Time for Solace
Restaurant Solace opens its upstairs Café on May 10 and the main dining room on May 19, according to a press release from the restaurant. Restaurant Solace, located within the Haywood Park Hotel at 1 Battery Park Ave. in downtown Asheville, will occupy the space vacated by Vijay Shastri’s Flying Frog Cafe.
Bryan Kimmett, the executive chef and owner of Solace, and his wife and business partner, Anne-Marie, are dedicated to the slow-food ethic of cooking and to source locally first for all produce and artisanal products.
The café and patio, with seating for 75, will offer small plates and a full bar. The dining room (now accessed by the elevator in Haywood Park Hotel), will offer a more formal, fine-dining atmosphere, with a separate menu from that of the café. Both spaces will feature regional artwork.
Restaurant Solace’s café small plates will include items like savory cheesecakes, lime- and ale-braised local rabbit, duck and pheasant confit and basil-fed snails.
The dining room will include entrees like black buck antelope, black sea bass with Sunburst trout caviar and roasted beet oil, coffee- and spice-roasted rib veal chop, spring cassoulet of Venison osso bucco and braised rabbit and a seasonal vegetarian dish. Breads and pastries will be baked in-house.
Solace will also add an artisanal market this month, featuring produce from farms that the restaurant sources and features on the menus. A series of winter cooking classes for those who want to delve deeper into learning about slow food preparation will also be offered.
The chef de cuisine of Restaurant Solace is Peter Murphy, a graduate of Johnson and Wales in Providence, R.I. whose resume includes stints at the Cliffs and Biltmore.
The café will be open from 11:30 until 11 p.m., Sunday through Thursday, and 11:30 until 12 a.m. Friday and Saturday. Restaurant Solace’s downstairs dining room will be open from 5:30 p.m. until 10 p.m. on Tuesday, Wednesday and Sunday and 5:30 p.m. until 11 p.m., Friday and Saturday. The Restaurant will be closed on Mondays. For more information, call 505-8333.
AIR by the numbers
The Asheville Independent Restaurant Association released some interesting numbers last week. AIR, for the unfamiliar, is a coalition of independently owned restaurants in the Asheville region. According to the recent AIR-member survey, the group has a substantial economic impact on the community.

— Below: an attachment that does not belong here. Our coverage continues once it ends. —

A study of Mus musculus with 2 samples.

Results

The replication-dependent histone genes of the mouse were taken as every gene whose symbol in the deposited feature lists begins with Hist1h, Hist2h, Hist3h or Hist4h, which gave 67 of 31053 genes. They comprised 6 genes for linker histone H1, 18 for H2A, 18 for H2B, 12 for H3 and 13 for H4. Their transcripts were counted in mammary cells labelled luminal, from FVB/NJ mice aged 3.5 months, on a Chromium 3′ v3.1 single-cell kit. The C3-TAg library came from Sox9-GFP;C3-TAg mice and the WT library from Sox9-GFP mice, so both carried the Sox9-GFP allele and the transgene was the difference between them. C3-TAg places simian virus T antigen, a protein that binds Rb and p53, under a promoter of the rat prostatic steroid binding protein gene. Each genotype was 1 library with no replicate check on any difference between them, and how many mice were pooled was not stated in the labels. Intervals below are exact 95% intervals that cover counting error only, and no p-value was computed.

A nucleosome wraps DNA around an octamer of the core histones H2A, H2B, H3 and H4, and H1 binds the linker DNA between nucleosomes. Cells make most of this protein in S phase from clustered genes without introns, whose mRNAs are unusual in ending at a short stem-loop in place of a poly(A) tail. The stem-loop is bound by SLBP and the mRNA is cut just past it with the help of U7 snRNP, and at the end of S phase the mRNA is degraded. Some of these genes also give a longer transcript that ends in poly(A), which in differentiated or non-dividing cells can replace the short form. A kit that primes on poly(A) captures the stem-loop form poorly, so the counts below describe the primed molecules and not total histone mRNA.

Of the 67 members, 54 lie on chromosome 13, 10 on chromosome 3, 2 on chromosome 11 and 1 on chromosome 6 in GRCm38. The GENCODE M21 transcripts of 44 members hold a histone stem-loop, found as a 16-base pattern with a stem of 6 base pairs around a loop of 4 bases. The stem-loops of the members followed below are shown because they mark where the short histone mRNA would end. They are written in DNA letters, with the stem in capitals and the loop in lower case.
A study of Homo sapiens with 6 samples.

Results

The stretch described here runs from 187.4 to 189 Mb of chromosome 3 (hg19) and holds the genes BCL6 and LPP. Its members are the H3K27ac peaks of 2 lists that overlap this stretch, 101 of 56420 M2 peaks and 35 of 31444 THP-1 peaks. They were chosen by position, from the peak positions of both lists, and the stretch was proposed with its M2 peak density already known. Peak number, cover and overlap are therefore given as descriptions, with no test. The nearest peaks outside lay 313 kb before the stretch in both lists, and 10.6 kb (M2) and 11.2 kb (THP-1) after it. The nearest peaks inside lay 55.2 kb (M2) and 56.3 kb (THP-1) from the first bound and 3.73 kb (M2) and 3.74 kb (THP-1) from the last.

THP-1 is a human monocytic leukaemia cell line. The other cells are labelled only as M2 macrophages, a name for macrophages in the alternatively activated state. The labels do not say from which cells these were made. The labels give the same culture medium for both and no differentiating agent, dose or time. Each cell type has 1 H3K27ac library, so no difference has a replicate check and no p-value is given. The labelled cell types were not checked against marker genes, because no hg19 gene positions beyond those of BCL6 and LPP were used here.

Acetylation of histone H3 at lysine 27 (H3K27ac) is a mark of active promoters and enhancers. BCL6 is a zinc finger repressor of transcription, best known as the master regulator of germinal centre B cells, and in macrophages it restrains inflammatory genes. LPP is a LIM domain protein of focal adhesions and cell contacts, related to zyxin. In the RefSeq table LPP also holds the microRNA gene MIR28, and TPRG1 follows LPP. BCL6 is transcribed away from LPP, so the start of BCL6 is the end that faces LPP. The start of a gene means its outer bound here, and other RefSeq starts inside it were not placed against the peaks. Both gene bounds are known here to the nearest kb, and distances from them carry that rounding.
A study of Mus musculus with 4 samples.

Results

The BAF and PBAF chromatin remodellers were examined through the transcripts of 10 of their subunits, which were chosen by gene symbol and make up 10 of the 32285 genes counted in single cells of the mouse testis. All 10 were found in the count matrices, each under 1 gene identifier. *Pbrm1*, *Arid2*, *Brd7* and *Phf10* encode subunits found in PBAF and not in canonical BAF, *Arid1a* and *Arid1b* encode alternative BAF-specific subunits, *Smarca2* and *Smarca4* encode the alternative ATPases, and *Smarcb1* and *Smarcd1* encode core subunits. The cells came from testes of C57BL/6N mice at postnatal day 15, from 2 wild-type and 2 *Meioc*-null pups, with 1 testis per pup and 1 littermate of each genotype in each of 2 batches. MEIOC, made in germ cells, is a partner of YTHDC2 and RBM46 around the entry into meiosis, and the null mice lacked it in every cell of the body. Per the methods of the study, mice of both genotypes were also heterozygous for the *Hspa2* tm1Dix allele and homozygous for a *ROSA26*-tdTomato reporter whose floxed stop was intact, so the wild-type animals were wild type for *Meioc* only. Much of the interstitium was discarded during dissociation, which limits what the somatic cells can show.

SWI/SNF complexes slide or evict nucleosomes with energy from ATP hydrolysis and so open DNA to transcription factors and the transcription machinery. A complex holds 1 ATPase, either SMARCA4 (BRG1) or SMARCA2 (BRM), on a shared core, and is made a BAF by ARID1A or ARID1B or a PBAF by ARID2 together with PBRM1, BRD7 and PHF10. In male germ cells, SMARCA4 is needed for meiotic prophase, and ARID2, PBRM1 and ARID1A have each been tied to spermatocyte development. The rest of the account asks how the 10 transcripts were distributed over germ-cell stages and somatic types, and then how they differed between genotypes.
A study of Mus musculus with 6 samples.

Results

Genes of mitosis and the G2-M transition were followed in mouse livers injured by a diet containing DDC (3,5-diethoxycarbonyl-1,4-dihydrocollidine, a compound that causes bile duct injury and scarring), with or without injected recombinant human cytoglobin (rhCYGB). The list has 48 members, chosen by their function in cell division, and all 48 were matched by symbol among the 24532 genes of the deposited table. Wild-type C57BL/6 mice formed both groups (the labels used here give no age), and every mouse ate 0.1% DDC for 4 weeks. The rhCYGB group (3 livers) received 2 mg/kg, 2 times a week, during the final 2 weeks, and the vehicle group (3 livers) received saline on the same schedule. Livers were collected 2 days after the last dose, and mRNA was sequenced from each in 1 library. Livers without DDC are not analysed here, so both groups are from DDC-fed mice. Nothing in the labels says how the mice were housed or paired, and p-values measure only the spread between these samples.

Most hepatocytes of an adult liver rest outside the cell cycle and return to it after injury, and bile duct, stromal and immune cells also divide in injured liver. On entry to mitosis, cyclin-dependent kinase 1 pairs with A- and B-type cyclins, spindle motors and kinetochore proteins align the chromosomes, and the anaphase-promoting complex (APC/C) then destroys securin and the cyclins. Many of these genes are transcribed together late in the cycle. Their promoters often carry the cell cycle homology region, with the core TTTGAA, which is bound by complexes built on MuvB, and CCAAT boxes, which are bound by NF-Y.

With 55 restaurants in its roster, AIR membership is the highest it has been since the organization was formed in 2001. In 2010, AIR restaurants generated $57,919,790 in revenue, with a combined payroll of $18,998,237. With numbers like that, it’s easy to see why the organization wields quite a bit of clout in the area, especially in matters involving downtown commerce.
The group also awards scholarships to culinary students at A-B Tech through its yearly fundraiser, the Taste of Asheville, scheduled this year for November 17 at The Venue on Market Street.
For more information about AIR, visit airasheville.org
Openings, a closing
The Gourmet Chip Company has opened on 95 Broadway St., across from the Mellow Mushroom. The shop sells chips of all sorts — plantain, kettle-cooked potato, apple, etc. — piled in paper cones and topped with your choice of oozy goodies. Think creme frâiche, aiolis, fondue and caramel. For more information, visit gourmetchipcompany.com.
Vinsite also recently opened on Broadway St. in downtown Asheville. The wine shop, opened by Kathy Taylor and Les Doss, who used to own the Usual Suspects, focuses on natural wines. Check out the Vinsite website for information about the types of wines the shop carries — it’s fun to play with and provides plenty of interesting material for the curious oenophile. For more information, vinsiteasheville.com.
And Beans and Berries at 165 Merrimon Ave., has closed. Owners Paige and Dan Scully also own Scully’s Signature Dine and Drink on Walnut St. in downtown Asheville. Scully’s will remain open.